Photo: AP

During a press conference Friday, Dallas Police Chief David O. Brown revealed that the fourth suspect in the Dallas attack died not by a self-inflicted gunshot wound, as had previously been reported, but by a bomb detonated by police officers. It appears to be the first time law enforcement has used such a tactic on U.S. soil.

Police tracked the man, who has been identified as 25-year-old Micah Johnson, to a parking garage in downtown Dallas at the El Centro community college campus. The confrontation, which reportedly involved the exchange of gunfire, lasted “several hours” into the early morning.

Though details are still scant, Chief Brown said at a press conference Friday morning that police killed Johnson with a robot bomb early Friday morning after he refused to surrender.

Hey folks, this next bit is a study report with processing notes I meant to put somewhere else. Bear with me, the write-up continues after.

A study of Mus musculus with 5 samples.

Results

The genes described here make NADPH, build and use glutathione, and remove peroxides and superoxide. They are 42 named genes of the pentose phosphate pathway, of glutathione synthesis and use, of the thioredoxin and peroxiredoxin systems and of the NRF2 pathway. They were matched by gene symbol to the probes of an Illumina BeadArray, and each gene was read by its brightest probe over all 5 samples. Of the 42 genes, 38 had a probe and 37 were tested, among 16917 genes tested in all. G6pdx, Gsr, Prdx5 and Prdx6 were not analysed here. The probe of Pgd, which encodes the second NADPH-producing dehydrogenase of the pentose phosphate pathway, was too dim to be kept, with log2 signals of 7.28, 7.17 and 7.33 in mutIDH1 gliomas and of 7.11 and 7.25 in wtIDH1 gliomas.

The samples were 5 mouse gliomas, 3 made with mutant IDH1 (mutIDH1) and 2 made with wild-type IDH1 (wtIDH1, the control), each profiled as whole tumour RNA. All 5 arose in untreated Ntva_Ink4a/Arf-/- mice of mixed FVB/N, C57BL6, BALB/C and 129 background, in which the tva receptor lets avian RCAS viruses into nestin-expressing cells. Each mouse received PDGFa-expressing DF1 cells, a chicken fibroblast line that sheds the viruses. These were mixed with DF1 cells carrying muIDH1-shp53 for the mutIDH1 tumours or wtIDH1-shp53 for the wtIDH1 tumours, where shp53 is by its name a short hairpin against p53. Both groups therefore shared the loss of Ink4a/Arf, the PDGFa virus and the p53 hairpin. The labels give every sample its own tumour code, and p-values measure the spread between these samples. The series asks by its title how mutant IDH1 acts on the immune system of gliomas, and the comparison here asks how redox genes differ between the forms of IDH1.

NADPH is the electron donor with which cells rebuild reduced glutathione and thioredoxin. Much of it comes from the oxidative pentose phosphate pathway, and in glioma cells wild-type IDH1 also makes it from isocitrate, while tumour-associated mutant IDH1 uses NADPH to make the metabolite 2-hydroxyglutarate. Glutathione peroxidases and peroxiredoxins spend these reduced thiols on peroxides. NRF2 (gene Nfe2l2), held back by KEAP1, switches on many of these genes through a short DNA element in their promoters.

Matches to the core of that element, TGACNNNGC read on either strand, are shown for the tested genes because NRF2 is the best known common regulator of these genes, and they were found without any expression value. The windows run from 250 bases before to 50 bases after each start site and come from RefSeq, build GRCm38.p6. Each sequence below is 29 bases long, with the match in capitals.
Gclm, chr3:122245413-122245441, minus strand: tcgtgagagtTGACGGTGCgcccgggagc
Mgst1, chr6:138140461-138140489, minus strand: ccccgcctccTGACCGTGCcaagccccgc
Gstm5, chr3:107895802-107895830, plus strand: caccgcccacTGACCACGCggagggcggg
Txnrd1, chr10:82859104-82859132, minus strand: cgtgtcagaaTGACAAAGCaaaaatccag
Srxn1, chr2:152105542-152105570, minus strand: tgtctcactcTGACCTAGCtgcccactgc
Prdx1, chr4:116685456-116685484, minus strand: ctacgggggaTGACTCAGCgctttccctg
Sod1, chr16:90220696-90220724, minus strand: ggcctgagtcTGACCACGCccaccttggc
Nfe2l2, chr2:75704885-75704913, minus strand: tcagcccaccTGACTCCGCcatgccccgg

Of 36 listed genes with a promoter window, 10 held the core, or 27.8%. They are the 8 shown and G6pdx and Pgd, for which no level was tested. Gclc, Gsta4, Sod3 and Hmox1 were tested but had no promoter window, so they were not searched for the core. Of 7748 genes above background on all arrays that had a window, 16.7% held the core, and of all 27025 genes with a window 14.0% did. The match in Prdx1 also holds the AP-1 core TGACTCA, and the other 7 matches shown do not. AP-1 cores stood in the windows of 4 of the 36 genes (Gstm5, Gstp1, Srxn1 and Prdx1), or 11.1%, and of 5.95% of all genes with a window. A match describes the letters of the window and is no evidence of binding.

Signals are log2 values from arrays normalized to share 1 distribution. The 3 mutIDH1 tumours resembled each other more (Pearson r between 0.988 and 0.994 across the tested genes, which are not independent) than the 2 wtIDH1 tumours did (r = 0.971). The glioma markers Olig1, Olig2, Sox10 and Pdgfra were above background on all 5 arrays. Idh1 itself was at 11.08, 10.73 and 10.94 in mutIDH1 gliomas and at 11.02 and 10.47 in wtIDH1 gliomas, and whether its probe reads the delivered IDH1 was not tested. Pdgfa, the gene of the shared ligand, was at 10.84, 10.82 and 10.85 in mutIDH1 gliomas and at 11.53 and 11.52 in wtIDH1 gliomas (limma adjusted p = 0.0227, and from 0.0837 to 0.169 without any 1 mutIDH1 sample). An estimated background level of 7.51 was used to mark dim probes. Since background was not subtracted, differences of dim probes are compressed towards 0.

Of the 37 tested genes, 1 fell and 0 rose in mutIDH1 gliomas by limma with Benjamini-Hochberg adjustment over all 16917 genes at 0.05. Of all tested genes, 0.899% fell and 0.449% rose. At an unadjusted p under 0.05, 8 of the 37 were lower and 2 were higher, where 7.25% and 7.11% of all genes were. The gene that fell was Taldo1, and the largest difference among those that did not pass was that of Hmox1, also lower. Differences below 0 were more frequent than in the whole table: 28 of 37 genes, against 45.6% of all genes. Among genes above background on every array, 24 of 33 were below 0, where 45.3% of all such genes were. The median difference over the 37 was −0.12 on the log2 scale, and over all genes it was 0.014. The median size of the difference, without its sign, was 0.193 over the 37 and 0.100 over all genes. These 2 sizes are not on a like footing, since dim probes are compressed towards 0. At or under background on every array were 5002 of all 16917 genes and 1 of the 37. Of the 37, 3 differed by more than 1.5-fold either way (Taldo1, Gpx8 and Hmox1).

“Negotiations broke down. We had an exchange of gunfire with the suspect. We saw no other option but to use our bomb robot and place a device for it to detonate where the suspect was,” Brown said. “Other options would have exposed our officers to great danger. The suspect deceased as a result of detonating the bomb. The reporting that the suspect killed himself is not accurate. We confirmed that he’s been deceased because of the detonation of the bomb.”

Police routinely employ robots in confrontations with suspects, usually to disable explosives, but this case appears to be the first where officers deliberately used one to kill a suspect. (Chris Dorner, who allegedly killed at least four people during a rampage in 2013, was trapped in a burning cabin after police used robots to launch smoke bombs inside; their intent did not appear to be to kill him via robot.)

It’s unclear if the Dallas police has ever considered such a method before, or what their guidelines for killing a suspect with a robot entail. A voicemail and email left with the Dallas Police media relations unit had not, at press time, been returned.